Until this very day I did not even know  that  the Irish tenor John McCormack starred in a movie way back in 1930.   It seems so, so strange, after listening to him over these many  years on red label Victor records, vinyl records, and even today on YouTube, that I can all of a sudden see him as he sings The Rose of Traleee  and Plaisir d’Amour  and other beloved songs of old.

It all happened because my son, Dan,  gave me a TV at Christmas-time with a bigger screen, and took away my old TV that was able to play VHS tapes and DVD recordings.   I suddenly realized that I was now unable to play my collection of VHS tapes which meant I would be unable to watch The Passion of the Christ on Good Friday, as has been my custom.  I wailed and moaned until my good friend Dolores said she had a VCR that had never been unwrapped and son  Johnny installed it for me.  Going through my VHS recordings I came across two that I had never listened to — I have a vague recollection of  their being given to me some years back — one was Ferrucio Tagliavini in the opera Cavalleria Rusticana and the other something called Song O’ My Heart.   I must have been busy at the time and they were long recordings so I tucked them into my library and forgot about them.  Until today.

You need to know that my husband loved John McCormack and his songs are engraved on my heart.    When I finally played Song O’ My Heart  there was John McCormack singing (and singing and singing) in a sentimental movie written just to display his talent.   It is really quite quaint, with the horse-and-buggy, the clothing of the twenties, the Irish brogues and those funny old telephones.  Part of it is set in Ireland and it is said McCormack  was paid $500,000 to do it.  That was real money way back then.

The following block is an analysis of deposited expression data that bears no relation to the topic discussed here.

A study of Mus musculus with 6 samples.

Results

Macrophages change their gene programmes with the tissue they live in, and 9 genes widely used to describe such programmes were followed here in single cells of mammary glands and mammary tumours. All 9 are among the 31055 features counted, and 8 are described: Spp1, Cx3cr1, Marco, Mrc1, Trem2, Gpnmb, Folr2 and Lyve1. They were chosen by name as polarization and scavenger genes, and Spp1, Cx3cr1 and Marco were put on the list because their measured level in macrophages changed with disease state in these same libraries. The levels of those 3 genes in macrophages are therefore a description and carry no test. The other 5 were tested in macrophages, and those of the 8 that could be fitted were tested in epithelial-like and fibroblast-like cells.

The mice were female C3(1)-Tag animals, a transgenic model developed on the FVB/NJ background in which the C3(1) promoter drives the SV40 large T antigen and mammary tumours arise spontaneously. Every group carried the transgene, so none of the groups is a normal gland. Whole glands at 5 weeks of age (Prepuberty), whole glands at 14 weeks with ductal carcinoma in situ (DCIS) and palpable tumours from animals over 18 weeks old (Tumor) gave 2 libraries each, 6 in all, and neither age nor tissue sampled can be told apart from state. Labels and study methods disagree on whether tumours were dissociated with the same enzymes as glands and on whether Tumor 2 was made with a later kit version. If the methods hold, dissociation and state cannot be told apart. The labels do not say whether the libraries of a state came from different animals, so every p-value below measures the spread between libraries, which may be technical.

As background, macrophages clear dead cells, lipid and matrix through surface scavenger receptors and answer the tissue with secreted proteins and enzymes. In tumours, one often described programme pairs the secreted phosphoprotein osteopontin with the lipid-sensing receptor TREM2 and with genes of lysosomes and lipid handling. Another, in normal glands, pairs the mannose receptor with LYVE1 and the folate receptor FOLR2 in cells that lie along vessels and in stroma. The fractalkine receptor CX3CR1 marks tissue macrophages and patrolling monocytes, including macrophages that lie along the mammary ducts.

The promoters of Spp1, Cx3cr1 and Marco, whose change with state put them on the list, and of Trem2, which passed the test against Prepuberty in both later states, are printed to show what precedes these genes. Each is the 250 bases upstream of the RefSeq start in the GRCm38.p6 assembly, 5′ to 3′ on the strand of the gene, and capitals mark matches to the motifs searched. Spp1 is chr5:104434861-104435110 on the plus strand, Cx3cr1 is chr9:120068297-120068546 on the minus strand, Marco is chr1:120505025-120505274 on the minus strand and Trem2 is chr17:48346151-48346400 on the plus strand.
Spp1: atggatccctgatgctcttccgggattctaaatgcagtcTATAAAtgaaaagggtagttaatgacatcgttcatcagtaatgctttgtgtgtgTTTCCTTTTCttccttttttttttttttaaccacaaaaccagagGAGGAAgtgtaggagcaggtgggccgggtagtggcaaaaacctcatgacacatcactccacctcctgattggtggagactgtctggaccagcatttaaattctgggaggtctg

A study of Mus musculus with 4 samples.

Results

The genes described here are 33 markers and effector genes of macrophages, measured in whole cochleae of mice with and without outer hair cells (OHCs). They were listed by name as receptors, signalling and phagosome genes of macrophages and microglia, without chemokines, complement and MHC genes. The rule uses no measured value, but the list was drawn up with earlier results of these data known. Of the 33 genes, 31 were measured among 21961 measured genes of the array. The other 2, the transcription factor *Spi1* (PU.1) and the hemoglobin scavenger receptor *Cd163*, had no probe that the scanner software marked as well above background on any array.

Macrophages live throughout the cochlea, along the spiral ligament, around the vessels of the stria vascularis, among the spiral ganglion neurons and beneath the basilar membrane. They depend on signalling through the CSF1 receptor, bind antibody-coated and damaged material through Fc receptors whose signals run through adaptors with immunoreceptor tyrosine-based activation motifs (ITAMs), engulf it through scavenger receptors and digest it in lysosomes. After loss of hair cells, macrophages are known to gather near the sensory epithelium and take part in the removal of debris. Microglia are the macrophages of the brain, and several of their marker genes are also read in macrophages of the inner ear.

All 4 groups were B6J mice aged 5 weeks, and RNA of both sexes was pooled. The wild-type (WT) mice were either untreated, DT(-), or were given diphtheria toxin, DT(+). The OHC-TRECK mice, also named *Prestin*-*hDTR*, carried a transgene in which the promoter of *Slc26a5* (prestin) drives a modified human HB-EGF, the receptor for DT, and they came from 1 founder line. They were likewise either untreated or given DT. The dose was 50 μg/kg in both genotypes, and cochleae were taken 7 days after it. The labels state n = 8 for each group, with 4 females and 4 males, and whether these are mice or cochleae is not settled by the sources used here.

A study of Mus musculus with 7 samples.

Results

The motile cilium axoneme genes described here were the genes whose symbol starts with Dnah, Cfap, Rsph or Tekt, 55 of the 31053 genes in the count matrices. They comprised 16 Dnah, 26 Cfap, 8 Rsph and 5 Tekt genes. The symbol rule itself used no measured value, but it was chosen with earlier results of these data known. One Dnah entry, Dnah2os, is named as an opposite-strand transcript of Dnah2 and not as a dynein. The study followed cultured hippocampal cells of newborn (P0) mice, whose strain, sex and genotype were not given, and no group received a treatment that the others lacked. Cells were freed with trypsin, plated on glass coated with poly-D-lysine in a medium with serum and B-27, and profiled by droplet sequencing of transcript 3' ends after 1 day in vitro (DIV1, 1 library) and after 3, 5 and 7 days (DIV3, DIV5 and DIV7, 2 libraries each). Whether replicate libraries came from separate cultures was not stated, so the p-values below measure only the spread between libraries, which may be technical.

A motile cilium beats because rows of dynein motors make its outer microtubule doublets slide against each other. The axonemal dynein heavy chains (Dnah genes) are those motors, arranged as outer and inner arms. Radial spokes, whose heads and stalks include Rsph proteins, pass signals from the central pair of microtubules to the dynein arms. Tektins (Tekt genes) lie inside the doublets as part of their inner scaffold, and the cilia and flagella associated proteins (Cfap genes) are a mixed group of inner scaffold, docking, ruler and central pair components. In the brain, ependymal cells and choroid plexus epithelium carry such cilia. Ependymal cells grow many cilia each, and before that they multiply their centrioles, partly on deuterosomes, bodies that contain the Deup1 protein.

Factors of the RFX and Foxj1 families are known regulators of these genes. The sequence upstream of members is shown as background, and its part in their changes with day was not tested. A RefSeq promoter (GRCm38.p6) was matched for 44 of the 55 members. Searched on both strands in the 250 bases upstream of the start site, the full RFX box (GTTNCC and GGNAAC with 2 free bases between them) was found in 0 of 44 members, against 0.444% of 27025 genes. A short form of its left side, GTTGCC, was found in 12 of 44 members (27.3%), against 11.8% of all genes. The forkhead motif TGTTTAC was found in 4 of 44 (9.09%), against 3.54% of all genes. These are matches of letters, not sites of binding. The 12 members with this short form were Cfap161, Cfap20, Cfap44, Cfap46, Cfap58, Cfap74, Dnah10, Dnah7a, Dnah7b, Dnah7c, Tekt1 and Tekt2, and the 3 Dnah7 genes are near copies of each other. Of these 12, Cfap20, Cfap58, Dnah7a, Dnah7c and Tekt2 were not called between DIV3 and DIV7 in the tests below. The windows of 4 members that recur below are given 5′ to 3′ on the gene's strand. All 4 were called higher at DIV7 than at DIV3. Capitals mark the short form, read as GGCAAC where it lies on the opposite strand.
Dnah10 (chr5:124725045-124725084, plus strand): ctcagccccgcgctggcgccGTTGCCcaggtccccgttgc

Here is what one reviewer of today had to say about Song O’ My Heart.

This is not a great movie. It isn’t really a very good one, frankly. I can’t imagine any reason to watch it other than to see John McCormack. If you like McCormack, however, it is not to be missed and, while he’s on screen, very enjoyable. Unlike so many other opera singers who have taken a turn on the silver screen, McCormack is very natural and relaxed. He’s fun to watch and, when he sings something good – which is too often not the case, alas – a joy to hear.

Much of what he sings is, in fact, forgettable. But there are two numbers that make time stand still. The first is the Rose of Tralee. It’s not great music, perhaps, but McCormack makes each note a perfectly polished gem in one perfectly arranged necklace. It is nice music elevated by great art to a very moving moment.

And then there is I hear you calling me, the most successful of all McCormack’s many successes. This is beautiful music set to a perfect text. And then performed as no song has ever been performed before or since. Yes, perhaps one of his 78 rpm versions is even better, but the version in this film is already great enough to make time, and breath, stop. The song tells a story, and you follow it as it unfolds. In the last verses, when he goes up to the suspended high note on “I hear you CALLING me,” you would think that you in fact heard his beloved calling him from beyond the grave. It makes you understand why Caruso envied McCormack his pianissimos.

So here we have  John McCormack in Song o’ My Heart singing  I Hear You Calling Me.  It was recorded in Los Angeles Philharmonic Auditorium, 5th and Grand, with Edwin Schneider at the piano.  This was the second talkie, after Jazz Singer.

The VHS recording that  I have was apparently videotaped from a Visual Artists International presentation of Firestone Classic Performances.  It can also be purchased in a 1991 release on Amazon.